All the principles of heaven and earth are living inside you. Life itself is truth, and this will never change. Everything in heaven and earth breathes. Breath is the thread that ties creation together.
In a recent post, I talked about the involuntary reactions that can happen when you get a strong dose of fear, causing an “adrenal stress” reaction – a hormone-induced state which causes your heart rate to skyrocket and can be accompanied by all sorts of problems like tunnel vision (you’re looking through a narrow tube), “auditory exclusion” (you can’t hear), up to wetting your pants and blanking out only to find you are running full blast down the street.
What do you do about this?
One of the answers to this problem is called “Combat Breathing” or “Strategic Breathing.” Cops are trained in this technique to help them regain clam and a clear mind so they can shoot straight in a gunfight and you can use it in any stressful situation ranging from making a speech to having a street fight.
The technique quickly lowers your heart rate, even if it was caused by adrenal stress.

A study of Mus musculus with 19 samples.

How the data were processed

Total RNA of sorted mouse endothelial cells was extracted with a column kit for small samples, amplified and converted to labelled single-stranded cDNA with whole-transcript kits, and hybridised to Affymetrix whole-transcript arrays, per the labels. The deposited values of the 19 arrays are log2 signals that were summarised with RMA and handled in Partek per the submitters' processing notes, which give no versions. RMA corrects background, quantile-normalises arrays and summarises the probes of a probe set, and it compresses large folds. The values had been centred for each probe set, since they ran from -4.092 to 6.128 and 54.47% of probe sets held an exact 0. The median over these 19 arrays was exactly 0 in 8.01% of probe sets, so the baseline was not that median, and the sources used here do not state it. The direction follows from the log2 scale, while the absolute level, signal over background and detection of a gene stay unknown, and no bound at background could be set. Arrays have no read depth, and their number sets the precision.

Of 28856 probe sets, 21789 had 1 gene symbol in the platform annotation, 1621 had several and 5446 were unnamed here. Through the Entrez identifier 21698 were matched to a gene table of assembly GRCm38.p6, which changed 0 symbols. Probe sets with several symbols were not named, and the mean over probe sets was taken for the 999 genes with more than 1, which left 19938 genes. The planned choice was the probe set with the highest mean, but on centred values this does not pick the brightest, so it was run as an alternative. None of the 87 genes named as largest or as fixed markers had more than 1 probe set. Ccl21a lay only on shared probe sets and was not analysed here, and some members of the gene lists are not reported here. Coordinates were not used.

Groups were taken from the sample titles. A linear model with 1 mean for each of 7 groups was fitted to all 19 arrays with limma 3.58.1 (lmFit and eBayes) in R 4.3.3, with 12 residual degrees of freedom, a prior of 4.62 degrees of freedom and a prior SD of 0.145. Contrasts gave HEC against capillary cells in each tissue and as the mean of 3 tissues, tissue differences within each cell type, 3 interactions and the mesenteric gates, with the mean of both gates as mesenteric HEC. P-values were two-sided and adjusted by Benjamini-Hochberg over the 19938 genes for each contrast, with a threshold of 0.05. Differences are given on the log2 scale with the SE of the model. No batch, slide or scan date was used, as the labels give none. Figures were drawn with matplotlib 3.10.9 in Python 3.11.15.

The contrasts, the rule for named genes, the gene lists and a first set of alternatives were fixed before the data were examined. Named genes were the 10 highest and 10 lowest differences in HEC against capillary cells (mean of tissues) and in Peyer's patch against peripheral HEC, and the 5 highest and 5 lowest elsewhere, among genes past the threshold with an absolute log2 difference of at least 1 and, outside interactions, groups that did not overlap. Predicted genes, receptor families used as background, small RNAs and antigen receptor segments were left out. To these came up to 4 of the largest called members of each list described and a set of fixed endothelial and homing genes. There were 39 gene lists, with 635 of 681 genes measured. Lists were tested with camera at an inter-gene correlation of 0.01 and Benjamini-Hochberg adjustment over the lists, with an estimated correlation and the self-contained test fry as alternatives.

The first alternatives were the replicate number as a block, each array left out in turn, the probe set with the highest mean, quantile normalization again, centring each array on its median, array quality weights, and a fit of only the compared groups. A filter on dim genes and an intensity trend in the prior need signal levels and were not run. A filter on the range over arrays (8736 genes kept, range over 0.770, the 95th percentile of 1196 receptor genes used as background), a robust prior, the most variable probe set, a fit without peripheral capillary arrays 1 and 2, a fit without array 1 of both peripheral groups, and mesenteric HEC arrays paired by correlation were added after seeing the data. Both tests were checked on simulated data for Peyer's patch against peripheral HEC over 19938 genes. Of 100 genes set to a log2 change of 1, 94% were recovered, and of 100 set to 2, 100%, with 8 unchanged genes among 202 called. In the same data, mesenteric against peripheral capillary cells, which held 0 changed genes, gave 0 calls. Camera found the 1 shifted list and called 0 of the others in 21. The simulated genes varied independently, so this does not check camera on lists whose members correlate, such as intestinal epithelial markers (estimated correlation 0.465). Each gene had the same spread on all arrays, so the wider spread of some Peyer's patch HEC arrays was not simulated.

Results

You breathe in four sections or cycles.
Breathe in through your nose (deeply down into your “dan tien,” or just below your belly button) and count to four (one-thousand one, one-thousand two, etc).
Hold your breath for four seconds, but don’t strain.
Exhale through your mouth for four seconds, completely emptying your lungs.
Hold your breath for four seconds.
Repeat this cycle four times if possible.
Your heart rate will drop significantly. For police, this can mean the difference between being capable of shooting straight or not. If you perceive a fight coming that you can’t escape, this can mean the difference between having a clear head and being sloppy and out of control. I’ve used this a lot for public speaking, and it works great to calm me down and clear my mind of the anxiety.
If I’m really having trouble catching my breath, I find I don’t do the hold part – but I will breathe in slowly and exhale slowly, in a controlled manner. Its obvious you want to breathe in more oxegen but its less obvious that its really important to make sure you get rid of the air in your lungs that is now more carbon dioxide and less oxygen. And to slow it all down.
I train it frequently when I’m working out. When I get really out of breath after sprinting or doing a particularly difficult lift, I’ll use this to get my heart rate down. I’ve done it on a Precor machine (the ones that allow you to run in place on little feet pads) with the pulse counter and you can watch it drop significantly. I can always go from the “red” on the Precor (over my suggested heart rate) back into the black within the four cycles, usually dropping by 10 beats per minute or more.